Do you know these adventurer's terms: charisma, chutzpah, clean one's clock, and (my favorite) clobberin' time?

This is the second of four posts excerpting The Adventurer's Glossary, a word-nerd exploration of the theory and practice of all sorts of adventure by my old friend and frequent Boing Boing contributor Josh Glenn. It's his third collaboration with the philosopher Mark Kingwell (who contributes a rousing yet erudite introduction) and the incredible cartoonist Seth.

Here are five sample entries from the glossary's "C" section:

Chance, which is to say fortuity, accident, the unforeseen falling out of events – the ultimate derivation of the term is from the Latin cadentia (falling, e.g., think of tumbling dice) – is adventure's crucial ingredient. If everything goes perfectly according to plan, if there are no accidents, no opportunities for taking a risk, then your so-called adventure is, in fact, merely an excursion, a jaunt. PS: A chancer adapts to whatever new situation may arrive or evolve.

In the Bible, the Greek term χάρισμα describes a talent vouchsafed by God, thereby demonstrating one's authority. It was popularized in the 1920s by the German sociologist Max Weber – who deployed charisma to mean "the capacity to inspire devotion or enthusiasm." In the game Dungeons & Dragons, a character's charisma modifier affects how successfully she is able to inspire enthusiasm, bluff, and intimidate. A useful trait for adventurers to cultivate.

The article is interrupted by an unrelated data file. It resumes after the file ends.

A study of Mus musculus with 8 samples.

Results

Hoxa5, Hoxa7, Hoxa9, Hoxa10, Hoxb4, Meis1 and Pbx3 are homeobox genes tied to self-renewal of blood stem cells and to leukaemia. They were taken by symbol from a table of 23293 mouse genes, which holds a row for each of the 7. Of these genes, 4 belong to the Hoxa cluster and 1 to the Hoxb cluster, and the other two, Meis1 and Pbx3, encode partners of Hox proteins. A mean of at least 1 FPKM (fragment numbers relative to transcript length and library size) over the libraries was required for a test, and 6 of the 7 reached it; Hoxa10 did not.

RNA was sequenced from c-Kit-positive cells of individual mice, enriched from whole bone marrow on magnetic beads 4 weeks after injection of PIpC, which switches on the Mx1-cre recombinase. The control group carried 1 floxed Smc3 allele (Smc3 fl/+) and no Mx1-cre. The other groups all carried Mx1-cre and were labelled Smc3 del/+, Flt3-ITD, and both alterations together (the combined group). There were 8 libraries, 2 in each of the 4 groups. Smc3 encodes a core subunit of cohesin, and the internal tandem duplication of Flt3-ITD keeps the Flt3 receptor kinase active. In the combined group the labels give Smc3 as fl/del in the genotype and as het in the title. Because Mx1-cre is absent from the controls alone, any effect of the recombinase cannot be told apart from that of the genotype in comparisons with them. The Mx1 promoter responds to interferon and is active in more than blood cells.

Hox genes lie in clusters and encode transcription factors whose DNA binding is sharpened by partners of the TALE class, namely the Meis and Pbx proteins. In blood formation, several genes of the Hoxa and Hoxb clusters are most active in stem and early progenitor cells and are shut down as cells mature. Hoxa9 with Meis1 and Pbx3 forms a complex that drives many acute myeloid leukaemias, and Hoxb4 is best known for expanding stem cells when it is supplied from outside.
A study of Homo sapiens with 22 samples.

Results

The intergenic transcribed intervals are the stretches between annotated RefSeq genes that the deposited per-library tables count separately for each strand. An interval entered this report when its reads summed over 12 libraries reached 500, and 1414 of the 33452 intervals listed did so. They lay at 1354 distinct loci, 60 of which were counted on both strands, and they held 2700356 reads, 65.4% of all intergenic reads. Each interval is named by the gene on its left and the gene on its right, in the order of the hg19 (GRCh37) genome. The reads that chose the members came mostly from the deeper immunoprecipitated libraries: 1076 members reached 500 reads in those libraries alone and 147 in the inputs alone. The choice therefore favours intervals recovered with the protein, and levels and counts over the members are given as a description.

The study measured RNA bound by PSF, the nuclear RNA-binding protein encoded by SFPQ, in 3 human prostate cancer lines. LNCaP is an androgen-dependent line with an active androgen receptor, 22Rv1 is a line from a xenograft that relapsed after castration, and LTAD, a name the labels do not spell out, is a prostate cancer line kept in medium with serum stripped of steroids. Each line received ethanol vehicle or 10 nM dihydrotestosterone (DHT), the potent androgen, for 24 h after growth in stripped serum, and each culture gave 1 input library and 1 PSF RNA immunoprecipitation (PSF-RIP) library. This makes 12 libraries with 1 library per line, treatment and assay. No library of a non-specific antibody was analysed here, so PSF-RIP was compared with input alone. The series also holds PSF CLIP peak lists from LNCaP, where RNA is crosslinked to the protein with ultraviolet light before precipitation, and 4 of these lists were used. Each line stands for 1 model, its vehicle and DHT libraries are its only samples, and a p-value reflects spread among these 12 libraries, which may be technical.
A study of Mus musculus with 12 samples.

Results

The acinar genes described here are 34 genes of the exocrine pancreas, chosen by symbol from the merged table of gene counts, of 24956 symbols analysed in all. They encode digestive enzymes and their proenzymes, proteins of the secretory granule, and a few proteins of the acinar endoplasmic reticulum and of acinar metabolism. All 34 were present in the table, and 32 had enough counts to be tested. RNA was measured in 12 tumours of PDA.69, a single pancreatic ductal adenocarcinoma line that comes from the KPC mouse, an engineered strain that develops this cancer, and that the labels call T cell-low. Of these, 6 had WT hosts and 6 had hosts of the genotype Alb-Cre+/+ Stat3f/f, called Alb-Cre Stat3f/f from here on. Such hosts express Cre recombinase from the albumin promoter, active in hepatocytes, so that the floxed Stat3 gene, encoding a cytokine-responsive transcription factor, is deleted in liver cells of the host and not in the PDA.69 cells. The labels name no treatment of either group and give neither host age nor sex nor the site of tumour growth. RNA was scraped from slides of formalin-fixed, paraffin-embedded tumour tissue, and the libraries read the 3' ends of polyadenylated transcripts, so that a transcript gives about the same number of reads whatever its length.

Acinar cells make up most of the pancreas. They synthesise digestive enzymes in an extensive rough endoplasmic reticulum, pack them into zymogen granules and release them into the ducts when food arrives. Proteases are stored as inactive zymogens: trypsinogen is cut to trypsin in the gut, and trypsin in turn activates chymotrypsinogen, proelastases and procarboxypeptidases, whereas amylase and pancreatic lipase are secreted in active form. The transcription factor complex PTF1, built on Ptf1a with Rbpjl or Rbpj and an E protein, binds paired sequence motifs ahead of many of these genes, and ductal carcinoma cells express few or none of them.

In Hebrew, chutzpah is used indignantly – to describe someone who has behaved in an unacceptable (contrary, insolent, hubristic, even sociopathic) manner. However, by the time it entered American English as a Yiddishism in the 1960s, having been popularized through vernacular use in literature, film, and television, the term had evolved to describe actions which are shameless in a good – plucky, cheeky – sense. The former usage still predominates in Israel.

Before Marie Kondo hipped us to the life-changing magic of tidying up, Americans had coined innumerable euphemisms for violence (e.g., clean one's plowtake one to the cleaners) suggesting that getting one's face punched offers much-needed perspective on how you've been spending your time. The idiom clean one's clock seems to have originally been a piece of US railroad jargon, meaning "bring the train to a sudden stop" – i.e. by applying the airbrakes, thus "cleaning" (resetting) the train's air gauge (clock).

The Thing, a founding member of Marvel Comics' Fantastic Four, grew up streetwise on New York's Lower East Side. His speech mannerisms, including his battle cry It's clobberin' time, were inspired by those of the Lower East Side born-and-bred actor and comedian Jimmy Durante. PS: The British slang term clobber, meaning "thumping, beating," is likely onomatopoeic in origin; supposedly, the word sounds like far-off detonations.

Looking for a gift for a word nerd and/or lover of adventure? Your quest ends here!